Tuesday, July 08, 2014

Napoleonic 28mm: Heilingen Michael 1809

Jim's Austrians v. Mike & Steve's French

The scenario was adapted from the San Miguel scenario in the Black Powder book, transposed to 1809:  A major battle is brewing and the hilltop town of Heilingen Michael is considered vital to both Napoleon & the Archduke Charles.  They have both sent a reinforced Division to secure it as an anchor to a flank in the big battle expected tomorrow.

The French start with their whole force of 3 brigades deployed on the south side of the Michaelfluss.  The Austrians have their 1st Brigade deployed between Heilinhen Michael and the Michaelfluss.  Their other 2 brigades are in a singe road column with its head at the north table edge. 
Pic of the south end of the table after the first turn.  Heilingen Michael is just off shot on the right.  The French got good command dice in the first turn and rushed forward across the stream.

On the left, the French hussars have been swept away by French dragoons and the grenz have fled from the French columns.  On the right grenz are making a stand in the farmhouse.  In the centre the Austrian battery is causing casualties, but is being outflanked.  The Austrian reinforcements look an awfully long way away from the advance guard (perhaps better called a forlorn hope).
The camera's been moved to the north end of the table.  The French have taken the town and advanced beyond it intent on really hurting the Austrians before they can properly deploy.  The 2nd Austrian brigade is still not fully on the table.  The 3rd is still down the road.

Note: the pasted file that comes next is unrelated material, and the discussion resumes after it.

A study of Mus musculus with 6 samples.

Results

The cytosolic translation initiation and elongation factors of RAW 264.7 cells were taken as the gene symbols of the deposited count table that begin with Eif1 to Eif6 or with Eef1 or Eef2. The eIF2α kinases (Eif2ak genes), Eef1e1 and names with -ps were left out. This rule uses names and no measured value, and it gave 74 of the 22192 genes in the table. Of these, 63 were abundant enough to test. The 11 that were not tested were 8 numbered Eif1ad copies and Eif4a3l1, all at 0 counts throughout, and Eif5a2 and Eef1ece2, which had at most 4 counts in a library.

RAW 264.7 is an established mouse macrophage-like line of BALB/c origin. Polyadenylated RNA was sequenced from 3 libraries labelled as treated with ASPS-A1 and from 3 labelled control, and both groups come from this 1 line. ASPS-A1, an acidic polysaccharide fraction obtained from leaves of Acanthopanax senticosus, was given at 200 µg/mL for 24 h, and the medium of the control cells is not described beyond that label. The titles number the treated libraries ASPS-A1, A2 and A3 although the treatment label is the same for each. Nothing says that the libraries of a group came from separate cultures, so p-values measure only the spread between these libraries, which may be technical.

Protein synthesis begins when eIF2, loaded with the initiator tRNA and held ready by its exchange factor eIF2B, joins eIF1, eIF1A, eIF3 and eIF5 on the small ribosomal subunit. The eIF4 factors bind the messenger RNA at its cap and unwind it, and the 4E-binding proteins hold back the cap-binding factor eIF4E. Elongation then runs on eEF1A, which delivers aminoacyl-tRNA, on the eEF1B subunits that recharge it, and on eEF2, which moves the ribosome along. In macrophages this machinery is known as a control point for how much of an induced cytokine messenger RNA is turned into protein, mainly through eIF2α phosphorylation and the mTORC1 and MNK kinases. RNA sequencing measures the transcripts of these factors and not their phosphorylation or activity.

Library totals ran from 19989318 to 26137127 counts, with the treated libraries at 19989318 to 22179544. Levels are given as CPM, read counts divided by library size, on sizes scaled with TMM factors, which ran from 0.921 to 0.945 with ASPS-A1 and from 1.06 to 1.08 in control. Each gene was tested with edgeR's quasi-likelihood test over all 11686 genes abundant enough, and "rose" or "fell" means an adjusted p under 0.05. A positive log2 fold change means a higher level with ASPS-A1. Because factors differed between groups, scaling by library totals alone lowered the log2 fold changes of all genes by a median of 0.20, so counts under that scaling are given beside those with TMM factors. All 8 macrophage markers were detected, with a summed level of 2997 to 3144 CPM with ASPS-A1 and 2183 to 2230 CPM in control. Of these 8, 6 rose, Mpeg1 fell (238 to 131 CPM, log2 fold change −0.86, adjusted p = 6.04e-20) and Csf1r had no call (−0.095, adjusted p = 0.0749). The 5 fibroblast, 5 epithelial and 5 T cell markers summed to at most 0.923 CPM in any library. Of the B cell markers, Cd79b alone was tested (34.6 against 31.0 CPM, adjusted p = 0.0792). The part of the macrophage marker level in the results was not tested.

The Austrian 2nd brigade has used the field and vinyard as a strongpoint and have deployed just in time to meet the French and cover the deployment of the 3rd brigade.
The French have declined to charge the field & vineyard and opted to start a fire fight.  The Austrians deploy their dragoons to cover their right and launch a counterattack on their left.
On the right, the threat of passing fire from the vineyard has made the French cavalry wary of attacking the Austrian dragoons.  They continue to try to blast the Austrians out of the fields with musket & artillery fire.  The Austrian counterattack is having mixed success with the dice gods, but is making progress.
On the left the Austrians have now cleared the French flank but bad command dice is slowing any exploitation of the advantage.  The front line troops in the fields have broken, but the 2nd line is holding on.
The Austrian attack on the left has finally got moving and broken the French brigade on that flank.   They have also driven the French infantry back from the fields.  But with Austrian dragoons now without infantry support, the French horse have finally attacked.  The 2nd brigade's dragoons have broken and that loss broke the brigade.  That meant the Austrians had lost 2 of 3 brigades and thus failed their army break test.

So the battle was a French victory on 2 grounds:  They broke the enemy and they took the objective.  But it was a very entertaining battle and the Austrians took some solace in having inflicted pretty significant casualties on the French, breaking one division and mauling another.

We tried out a few tweaks to our "Hail Frederick" variation of Hail Caesar.  We tried reducing musket range to 12" as 18" is grossly out of scale with the ground scale if it's worked out from either battalion frontage or artillery range.   It made little difference to the combat as long range fire wasn't that effective anyway, but it did give us more room to manoeuvre - it effectively makes the table bigger by reducing no mans land.  We also tried a simpler Break test table modelled on Black Powder rather than Hail Caesar.   It's so simple we could remember it and didn't have to look up the table, yet it seemed to work just as well.  This battle had a lot of manoeuvre and fighting yet took less than 2 1/2 hours.  We are very pleased with the way Hail Fred's come together, and we are well and truly hooked on 28mm Napoleonics.